Fifteen years ago the United Nations Security Council passed resolution 1325. This resolution affirmed the importance of the equal participation of women for maintaining global peace and security.
A new implementation study released by the UN not only reaffirms the conclusion that the inclusion of women is vital to achieve peace, but goes farther to address many of the gaps contained in the original report.
In an interview with CBS News, UN Women Executive Director Phumzile Mlambo-Ngcuka explained, "Women do not start wars, so when they are coming into the peace table, they are not there to settle a score with their enemy, they are there in the first instance because they want a ceasefire, they want access to humanitarian services for all, they want a break for their children to go to school, and they want their country to be constructed."
"So who did what and how many points you must gain, that is not their starting point. Their starting point is 'stop the war,"' Mlambo-Ngcuka said.
The study sites extensive research to show that "women's participation boosts humanitarian assistance, strengthens the protection efforts of peacekeepers, enables the conclusion and sustainability of peace agreements, and facilitates economic recovery after conflict."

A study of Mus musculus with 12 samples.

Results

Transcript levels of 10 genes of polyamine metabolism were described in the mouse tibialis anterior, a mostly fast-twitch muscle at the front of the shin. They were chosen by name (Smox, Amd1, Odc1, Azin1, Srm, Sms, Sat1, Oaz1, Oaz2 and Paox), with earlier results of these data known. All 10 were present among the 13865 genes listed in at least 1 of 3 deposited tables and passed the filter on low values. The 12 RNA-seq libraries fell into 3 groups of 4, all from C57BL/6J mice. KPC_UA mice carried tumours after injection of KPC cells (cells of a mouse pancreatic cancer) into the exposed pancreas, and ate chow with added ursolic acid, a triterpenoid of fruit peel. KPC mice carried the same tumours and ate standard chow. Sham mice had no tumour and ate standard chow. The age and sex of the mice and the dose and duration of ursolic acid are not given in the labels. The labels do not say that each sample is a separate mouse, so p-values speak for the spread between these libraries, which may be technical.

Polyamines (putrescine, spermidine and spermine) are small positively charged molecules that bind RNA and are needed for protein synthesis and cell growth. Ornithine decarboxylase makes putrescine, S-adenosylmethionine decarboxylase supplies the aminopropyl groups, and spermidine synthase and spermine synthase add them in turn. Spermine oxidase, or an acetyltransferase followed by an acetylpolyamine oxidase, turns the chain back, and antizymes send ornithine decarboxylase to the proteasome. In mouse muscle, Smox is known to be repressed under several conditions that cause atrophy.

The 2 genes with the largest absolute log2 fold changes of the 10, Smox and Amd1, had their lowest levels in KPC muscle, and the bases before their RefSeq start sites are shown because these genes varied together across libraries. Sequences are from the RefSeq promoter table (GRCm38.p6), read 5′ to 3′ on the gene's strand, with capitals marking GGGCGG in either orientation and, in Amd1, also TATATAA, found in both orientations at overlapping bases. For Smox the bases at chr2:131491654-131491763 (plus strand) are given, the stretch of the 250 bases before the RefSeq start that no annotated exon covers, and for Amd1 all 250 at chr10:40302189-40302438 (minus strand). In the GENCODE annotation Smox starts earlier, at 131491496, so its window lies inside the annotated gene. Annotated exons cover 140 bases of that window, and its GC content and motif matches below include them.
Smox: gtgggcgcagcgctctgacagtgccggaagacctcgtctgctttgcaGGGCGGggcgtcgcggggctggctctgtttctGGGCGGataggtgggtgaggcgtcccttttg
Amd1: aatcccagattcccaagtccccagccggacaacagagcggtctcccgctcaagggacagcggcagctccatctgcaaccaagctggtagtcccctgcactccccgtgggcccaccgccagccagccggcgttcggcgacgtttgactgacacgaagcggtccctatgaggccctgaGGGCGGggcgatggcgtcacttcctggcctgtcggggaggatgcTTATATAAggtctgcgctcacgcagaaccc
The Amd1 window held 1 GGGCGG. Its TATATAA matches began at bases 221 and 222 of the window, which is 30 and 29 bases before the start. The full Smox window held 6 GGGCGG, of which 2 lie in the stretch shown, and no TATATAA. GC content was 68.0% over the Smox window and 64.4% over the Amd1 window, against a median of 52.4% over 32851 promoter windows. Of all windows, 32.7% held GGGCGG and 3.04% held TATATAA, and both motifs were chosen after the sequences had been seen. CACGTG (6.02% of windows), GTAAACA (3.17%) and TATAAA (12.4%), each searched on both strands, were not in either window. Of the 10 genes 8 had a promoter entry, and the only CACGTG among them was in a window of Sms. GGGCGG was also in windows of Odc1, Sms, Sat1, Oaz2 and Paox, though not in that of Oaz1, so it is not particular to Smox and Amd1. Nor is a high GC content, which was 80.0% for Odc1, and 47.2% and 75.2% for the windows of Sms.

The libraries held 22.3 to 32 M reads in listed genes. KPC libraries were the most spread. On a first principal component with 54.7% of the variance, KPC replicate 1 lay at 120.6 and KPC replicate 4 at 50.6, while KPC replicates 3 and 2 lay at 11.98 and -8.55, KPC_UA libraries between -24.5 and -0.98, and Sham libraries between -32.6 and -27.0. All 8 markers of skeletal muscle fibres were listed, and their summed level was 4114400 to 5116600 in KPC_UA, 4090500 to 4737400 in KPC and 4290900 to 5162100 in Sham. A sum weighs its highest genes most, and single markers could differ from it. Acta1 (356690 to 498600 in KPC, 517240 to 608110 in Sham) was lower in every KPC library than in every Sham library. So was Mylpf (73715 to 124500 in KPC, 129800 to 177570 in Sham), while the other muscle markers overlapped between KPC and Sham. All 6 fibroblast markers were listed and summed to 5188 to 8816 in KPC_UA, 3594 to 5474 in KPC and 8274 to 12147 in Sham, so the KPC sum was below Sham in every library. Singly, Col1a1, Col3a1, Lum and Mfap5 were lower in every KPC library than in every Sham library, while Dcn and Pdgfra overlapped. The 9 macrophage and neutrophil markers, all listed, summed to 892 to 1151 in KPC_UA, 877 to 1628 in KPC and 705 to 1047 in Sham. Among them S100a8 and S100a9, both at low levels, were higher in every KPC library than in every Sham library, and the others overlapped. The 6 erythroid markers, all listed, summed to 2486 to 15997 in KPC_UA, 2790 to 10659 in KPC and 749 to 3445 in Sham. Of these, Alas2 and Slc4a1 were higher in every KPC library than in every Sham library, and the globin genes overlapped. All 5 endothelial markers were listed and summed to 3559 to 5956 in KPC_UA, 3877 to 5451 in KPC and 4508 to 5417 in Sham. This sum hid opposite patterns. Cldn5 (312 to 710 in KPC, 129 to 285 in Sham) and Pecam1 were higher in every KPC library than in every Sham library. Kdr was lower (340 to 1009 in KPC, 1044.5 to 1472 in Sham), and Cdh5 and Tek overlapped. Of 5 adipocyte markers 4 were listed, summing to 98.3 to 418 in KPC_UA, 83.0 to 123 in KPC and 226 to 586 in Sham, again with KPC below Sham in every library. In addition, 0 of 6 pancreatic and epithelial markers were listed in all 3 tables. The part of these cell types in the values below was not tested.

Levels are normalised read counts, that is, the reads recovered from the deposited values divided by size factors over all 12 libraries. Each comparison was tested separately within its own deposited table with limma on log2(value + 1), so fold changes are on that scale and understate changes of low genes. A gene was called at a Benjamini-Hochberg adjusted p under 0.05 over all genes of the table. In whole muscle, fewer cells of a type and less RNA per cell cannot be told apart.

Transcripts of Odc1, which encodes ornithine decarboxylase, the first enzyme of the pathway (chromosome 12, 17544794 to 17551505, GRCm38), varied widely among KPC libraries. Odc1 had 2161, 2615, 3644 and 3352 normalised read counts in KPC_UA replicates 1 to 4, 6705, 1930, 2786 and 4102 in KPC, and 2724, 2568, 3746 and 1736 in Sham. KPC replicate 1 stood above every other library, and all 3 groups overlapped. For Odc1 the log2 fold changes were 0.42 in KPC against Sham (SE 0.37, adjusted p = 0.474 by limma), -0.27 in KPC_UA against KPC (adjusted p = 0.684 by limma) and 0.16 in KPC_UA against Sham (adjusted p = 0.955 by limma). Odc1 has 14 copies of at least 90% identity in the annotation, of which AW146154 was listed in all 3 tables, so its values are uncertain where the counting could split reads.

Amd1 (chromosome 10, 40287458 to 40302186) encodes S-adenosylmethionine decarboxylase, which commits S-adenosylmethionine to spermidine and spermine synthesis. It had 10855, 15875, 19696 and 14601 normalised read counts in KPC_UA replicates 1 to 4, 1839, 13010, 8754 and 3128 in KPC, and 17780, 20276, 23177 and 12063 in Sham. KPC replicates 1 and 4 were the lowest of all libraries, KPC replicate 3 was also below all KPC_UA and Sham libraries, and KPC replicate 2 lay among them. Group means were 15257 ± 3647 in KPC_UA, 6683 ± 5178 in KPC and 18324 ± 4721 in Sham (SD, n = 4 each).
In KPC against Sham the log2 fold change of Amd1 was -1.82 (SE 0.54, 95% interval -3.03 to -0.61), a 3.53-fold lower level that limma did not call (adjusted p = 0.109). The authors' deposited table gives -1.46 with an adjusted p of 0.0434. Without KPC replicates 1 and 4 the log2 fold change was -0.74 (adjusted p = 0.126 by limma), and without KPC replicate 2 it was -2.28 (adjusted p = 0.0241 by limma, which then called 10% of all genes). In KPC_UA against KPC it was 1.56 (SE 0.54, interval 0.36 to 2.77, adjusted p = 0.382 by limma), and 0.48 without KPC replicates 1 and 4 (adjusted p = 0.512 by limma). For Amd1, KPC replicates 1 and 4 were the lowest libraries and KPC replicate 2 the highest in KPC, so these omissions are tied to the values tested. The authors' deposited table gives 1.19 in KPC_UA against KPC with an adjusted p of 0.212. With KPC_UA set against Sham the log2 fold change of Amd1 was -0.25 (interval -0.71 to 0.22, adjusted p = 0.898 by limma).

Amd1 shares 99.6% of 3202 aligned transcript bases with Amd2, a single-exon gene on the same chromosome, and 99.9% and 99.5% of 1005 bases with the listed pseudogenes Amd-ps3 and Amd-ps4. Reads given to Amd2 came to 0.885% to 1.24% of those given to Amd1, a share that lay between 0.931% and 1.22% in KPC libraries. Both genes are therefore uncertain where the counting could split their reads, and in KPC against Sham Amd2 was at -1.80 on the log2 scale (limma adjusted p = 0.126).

In the 40 case studies, the report says, there was not a single instance in which organized women's groups had a negative impact on a peace process.
The other conclusion the study reaches is that when women participate, there is a deepened peace dividend with an impact on post-conflict peace building." -Pamela Falk for CBS News.
We know the difference that full inclusion makes. We are committed to supporting women in conflict zones make changes in their lives and communities through seeking out women's voices, working with strong local women as partners, and empowering vulnerable women through small business grants.
When you give to these efforts, you wage peace with some of the most effective means possible. Thank you!